Montgomery Clift (October 17, 1920 – July 23, 1966), first film was opposite John Wayne in the film, Red River(1948).
Clift's second movie was, The Search. Clift, rewrote most of the script himself and the movie was nominated for a screenwriting Academy Award, but the original writers were credited. Clift's performance gave him the nomination for an Academy Award for Best Actor.
Clift's next movie was, The Heiress(1949). He wanted to perform in the movie to avoid being typecast. The studio marketed Clift as a sex symbol prior to the movie's release. Clift had a large female following, and Olivia De Havilland was flooded with angry fan letters because of the final scene in the movie.
In the 1950s Clift was the most popular leading man in Hollywood. His next movie, A Place in the Sun (1951), is one of his best known roles. The studio paired up two of the biggest young stars in Hollywood at the time, Clift and Elizabeth Taylor.
Clift's performance in the movie is known as one of the best Method acting performances, and he was again nominated for an Academy Award for Best Actor.
For his character's scenes in jail, Clift spent a night in a real state prison. He also refused to go along with the directors suggestion that he do "something amazing" on his walk to the electric chair. Instead, he walked to his death with a natural, facial expression.
Marlon Brando, was so moved by Clift's performance, that he voted for Clift to win the Academy Award for Best Actor, and was sure that he would win (Clift voted for Brando in A Streetcar Named Desire that same year).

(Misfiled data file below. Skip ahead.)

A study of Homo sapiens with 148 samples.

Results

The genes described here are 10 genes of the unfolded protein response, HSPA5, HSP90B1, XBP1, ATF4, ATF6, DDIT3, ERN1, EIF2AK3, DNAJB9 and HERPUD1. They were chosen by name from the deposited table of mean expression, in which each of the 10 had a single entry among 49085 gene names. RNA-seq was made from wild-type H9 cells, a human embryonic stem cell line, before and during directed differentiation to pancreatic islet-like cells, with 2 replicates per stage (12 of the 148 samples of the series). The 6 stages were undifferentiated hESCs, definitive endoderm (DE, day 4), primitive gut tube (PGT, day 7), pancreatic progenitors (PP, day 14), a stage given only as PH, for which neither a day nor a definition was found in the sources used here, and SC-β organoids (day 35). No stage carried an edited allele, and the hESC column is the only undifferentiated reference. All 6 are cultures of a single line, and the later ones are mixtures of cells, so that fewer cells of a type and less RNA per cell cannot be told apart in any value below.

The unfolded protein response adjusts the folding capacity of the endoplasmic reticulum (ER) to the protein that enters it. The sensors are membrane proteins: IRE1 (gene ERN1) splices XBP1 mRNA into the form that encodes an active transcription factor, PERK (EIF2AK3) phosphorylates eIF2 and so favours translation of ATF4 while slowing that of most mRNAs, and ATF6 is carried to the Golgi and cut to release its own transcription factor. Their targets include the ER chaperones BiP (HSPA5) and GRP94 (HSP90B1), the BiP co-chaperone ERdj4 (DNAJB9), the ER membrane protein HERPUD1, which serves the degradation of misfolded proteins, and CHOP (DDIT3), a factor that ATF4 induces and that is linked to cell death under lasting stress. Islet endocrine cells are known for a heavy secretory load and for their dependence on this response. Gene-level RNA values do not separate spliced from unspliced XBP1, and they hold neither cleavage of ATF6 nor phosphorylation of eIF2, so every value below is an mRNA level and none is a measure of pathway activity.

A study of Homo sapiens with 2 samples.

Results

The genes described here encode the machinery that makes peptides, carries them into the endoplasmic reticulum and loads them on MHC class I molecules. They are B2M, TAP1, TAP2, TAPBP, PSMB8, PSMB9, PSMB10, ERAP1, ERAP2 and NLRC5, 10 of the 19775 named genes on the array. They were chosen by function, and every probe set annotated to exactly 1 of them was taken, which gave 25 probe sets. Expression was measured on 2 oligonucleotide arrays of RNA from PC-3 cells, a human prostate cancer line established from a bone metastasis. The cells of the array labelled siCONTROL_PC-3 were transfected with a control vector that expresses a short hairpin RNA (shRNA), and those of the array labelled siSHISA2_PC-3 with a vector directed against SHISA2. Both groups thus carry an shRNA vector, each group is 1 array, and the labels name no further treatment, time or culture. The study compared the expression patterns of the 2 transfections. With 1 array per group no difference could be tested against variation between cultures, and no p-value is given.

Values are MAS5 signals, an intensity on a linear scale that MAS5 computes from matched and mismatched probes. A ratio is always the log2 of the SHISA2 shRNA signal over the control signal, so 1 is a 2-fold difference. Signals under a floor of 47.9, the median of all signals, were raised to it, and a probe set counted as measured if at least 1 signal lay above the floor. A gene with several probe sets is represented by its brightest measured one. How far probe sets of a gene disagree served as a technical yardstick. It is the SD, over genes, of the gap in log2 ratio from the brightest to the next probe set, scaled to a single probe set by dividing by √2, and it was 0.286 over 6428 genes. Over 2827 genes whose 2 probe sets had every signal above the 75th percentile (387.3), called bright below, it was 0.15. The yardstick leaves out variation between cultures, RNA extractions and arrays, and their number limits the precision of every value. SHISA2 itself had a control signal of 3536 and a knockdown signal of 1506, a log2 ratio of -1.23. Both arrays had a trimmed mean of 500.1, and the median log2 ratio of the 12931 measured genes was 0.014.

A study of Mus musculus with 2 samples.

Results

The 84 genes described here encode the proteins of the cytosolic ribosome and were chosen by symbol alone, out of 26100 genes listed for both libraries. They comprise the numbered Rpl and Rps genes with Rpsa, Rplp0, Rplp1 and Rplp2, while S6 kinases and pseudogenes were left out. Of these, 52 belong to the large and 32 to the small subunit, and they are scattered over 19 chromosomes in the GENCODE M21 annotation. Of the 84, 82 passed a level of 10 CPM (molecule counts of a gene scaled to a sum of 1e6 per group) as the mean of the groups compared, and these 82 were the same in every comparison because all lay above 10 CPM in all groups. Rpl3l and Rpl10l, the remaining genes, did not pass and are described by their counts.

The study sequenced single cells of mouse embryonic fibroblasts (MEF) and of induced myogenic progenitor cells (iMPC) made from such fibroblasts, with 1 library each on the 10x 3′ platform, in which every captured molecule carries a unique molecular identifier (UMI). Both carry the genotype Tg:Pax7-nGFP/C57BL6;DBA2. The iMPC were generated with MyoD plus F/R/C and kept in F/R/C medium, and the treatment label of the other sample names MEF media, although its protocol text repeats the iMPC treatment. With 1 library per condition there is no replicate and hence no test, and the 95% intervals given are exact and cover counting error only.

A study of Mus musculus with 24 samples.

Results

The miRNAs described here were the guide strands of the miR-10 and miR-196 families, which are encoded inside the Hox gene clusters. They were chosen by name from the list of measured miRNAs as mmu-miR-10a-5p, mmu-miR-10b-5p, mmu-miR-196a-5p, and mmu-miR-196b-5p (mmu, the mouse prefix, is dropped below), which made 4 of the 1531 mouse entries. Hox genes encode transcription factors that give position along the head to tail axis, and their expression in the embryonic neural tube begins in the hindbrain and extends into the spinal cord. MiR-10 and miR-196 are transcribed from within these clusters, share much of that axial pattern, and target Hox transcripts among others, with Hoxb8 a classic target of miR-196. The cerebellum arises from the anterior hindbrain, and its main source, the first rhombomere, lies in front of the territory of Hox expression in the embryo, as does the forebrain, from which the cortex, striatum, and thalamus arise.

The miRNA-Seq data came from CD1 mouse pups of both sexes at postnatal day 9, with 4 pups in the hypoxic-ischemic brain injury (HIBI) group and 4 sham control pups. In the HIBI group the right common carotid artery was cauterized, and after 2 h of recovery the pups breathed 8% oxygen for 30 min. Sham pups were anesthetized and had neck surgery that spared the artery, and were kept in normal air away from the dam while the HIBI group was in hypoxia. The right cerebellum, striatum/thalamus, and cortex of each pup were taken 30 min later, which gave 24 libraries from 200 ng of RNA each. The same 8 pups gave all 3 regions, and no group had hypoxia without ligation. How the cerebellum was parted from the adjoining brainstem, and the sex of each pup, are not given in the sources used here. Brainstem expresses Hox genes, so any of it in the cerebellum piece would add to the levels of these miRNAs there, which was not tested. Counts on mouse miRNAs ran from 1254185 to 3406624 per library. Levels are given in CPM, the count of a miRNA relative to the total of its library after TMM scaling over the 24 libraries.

The movie was critically acclaimed and Charlie Chaplin called it "the greatest movie made about America".
Clift and Taylor, were called "the most beautiful couple in Hollywood".
Clift's next movie was Alfred Hitchcock's, I Confess. Clift, temporarily lived in a Catholic church and studied priests. The movie was a box office failure due to the controversy over Clift's character (a Catholic priest) being romantically involved with a woman.
Some believe Clift's peak came with the 1953 classic, From Here to Eternity. Clift, worked very hard on the character of Robert E. Lee Prewitt. He even learned to play the bugle even though he knew that he would be dubbed by a professional bugler.
He acted his character's death scene so realistically, that many members of the cast and crew cried. Once again Clift received a nomination for an Academy Award for Best Actor. Clift lost out to William Holden (who won for Stalag 17). Clift was devastated over his loss, and was sent an honorary small golden bugle award by the movie's producers which he treasured for the rest of his life.
On the evening of May 12, 1956, while filming Raintree County, Clift got into a serious auto accident when he smashed his car into a telephone pole after leaving a dinner party at Elizabeth Taylor and her then-husband Michael Wilding's home. After a two-month recovery, he returned to the set to finish the film.
Clift continued to work over the next ten years. His next three films were Lonelyhearts (1958), The Young Lions (1958) and Suddenly, Last Summer (1959). Clift starred with Lee Remick in Elia Kazan's Wild River in 1960. He then costarred in, The Misfits (1961), which was both Marilyn Monroe's and Clark Gable's last film.
Clift, next film was, The Secret Passion (1962) his destructive lifestyle was affecting his health.
"Good dialogue simply isn't enough to explain all the infinite gradations of a character. It's behavior -- it's what's going on behind the lines".